As the battle wages on over the safety of feeding antibiotics to livestock for growth promotion, a new report reveals yet another source of unregulated antibiotics in American animal feed--spent ethanol grain.
The new report by advocacy group the Institute for Agriculture and Trade Policy suggests that a relatively new source of food for livestock may contain levels of
Monday the FDA acknowledged that feeding animals distillers grain with antibiotic residues "may contribute to the emergence of drug-resistant organisms that can potentially infect humans who eat food products derived from those animals. Given the significant increase in the use of distillers dried grains as a livestock feed ingredient, FDA has decided to explore possible options for increased regulatory oversight over the use of antimicrobials in the ethanol production process when the byproducts of this process are used for animal feed."
Charles Staff of the Distillers Grain Technical Council took issue with the report, however, saying that it conflated concern over the use of antibiotics added directly to animal feed with the "far far lower levels" in distillers grain.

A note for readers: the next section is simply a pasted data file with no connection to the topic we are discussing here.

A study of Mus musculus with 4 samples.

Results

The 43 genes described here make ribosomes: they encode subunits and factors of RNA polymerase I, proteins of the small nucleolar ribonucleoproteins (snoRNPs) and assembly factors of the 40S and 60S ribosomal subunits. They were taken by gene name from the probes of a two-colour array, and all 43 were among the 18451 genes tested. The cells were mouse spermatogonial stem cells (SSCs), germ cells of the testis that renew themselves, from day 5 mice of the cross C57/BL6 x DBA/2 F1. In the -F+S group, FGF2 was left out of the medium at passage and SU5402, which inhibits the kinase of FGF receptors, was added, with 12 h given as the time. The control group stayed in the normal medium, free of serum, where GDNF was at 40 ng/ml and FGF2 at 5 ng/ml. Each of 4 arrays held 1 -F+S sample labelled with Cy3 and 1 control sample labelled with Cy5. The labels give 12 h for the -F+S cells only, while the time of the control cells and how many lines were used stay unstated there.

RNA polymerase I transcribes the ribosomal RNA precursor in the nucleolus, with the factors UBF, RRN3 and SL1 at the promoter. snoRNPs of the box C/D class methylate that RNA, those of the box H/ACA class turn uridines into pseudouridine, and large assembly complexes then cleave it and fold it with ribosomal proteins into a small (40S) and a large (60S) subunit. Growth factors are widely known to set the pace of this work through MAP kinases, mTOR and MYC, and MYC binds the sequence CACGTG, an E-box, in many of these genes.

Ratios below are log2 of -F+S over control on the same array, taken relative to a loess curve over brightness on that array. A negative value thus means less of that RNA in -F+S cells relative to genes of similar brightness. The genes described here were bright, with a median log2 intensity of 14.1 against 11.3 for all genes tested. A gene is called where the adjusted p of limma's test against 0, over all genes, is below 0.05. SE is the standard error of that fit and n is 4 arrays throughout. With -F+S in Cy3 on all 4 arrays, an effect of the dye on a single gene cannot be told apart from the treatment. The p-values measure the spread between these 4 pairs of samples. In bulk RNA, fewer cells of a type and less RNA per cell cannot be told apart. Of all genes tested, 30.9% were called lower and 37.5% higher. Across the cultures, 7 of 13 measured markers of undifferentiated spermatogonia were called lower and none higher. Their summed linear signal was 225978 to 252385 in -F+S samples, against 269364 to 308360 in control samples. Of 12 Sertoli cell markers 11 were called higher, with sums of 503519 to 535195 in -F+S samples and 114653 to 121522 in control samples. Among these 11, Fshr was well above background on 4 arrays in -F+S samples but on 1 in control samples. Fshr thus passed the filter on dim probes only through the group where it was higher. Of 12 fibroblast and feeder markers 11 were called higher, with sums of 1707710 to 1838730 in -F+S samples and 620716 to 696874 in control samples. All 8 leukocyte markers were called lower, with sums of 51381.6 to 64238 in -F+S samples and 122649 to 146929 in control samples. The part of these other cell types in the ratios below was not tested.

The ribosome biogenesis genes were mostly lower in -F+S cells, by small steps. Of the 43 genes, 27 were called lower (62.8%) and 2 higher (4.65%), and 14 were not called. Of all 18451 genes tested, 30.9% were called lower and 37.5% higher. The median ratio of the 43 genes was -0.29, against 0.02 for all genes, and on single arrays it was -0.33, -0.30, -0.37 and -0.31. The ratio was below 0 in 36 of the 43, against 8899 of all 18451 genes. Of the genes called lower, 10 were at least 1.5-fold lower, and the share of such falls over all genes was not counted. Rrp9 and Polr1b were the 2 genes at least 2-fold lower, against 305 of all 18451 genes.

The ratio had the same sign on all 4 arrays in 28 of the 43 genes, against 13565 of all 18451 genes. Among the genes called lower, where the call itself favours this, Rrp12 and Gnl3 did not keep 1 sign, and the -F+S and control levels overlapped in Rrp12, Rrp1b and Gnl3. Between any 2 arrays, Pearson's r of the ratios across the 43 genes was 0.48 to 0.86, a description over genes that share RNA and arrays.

"We are talking about parts per billion that is potentially present," Staff said, adding that levels of antibiotics in distillers grain have dropped significantly since the 2008 FDA analysis. "We are talking about minuscule levels and you can see that in the later 2010 samples taken by the FDA. [Ethanol producers] have better control and the antibiotic companies have established technical service and people who go out out to the ethanol plants and monitor how they are using it."
As government programs have aggressively funded and promoted the proliferation of ethanol in the last decade, production of this grain byproduct (known as DGS) jumped by 1,264 percent, from 2.5 to 34.1 million metric tons per year from 2000 to 2010, according to the report.
Many ranchers and ethanol enthusiasts often point to its use as a selling point for the efficiency of ethanol production.
According to the IATP report "The beef industry uses 41 percent of all DGS, the dairy industry consumes 26 percent, 5 percent are fed to swine and 4 percent to poultry; 22 percent are exported for use by meat producers overseas.
"DGS have rapidly become a mainstay of the conventional livestock diet, replacing 914 million bushels of traditional corn feed in the 2010-11 production year."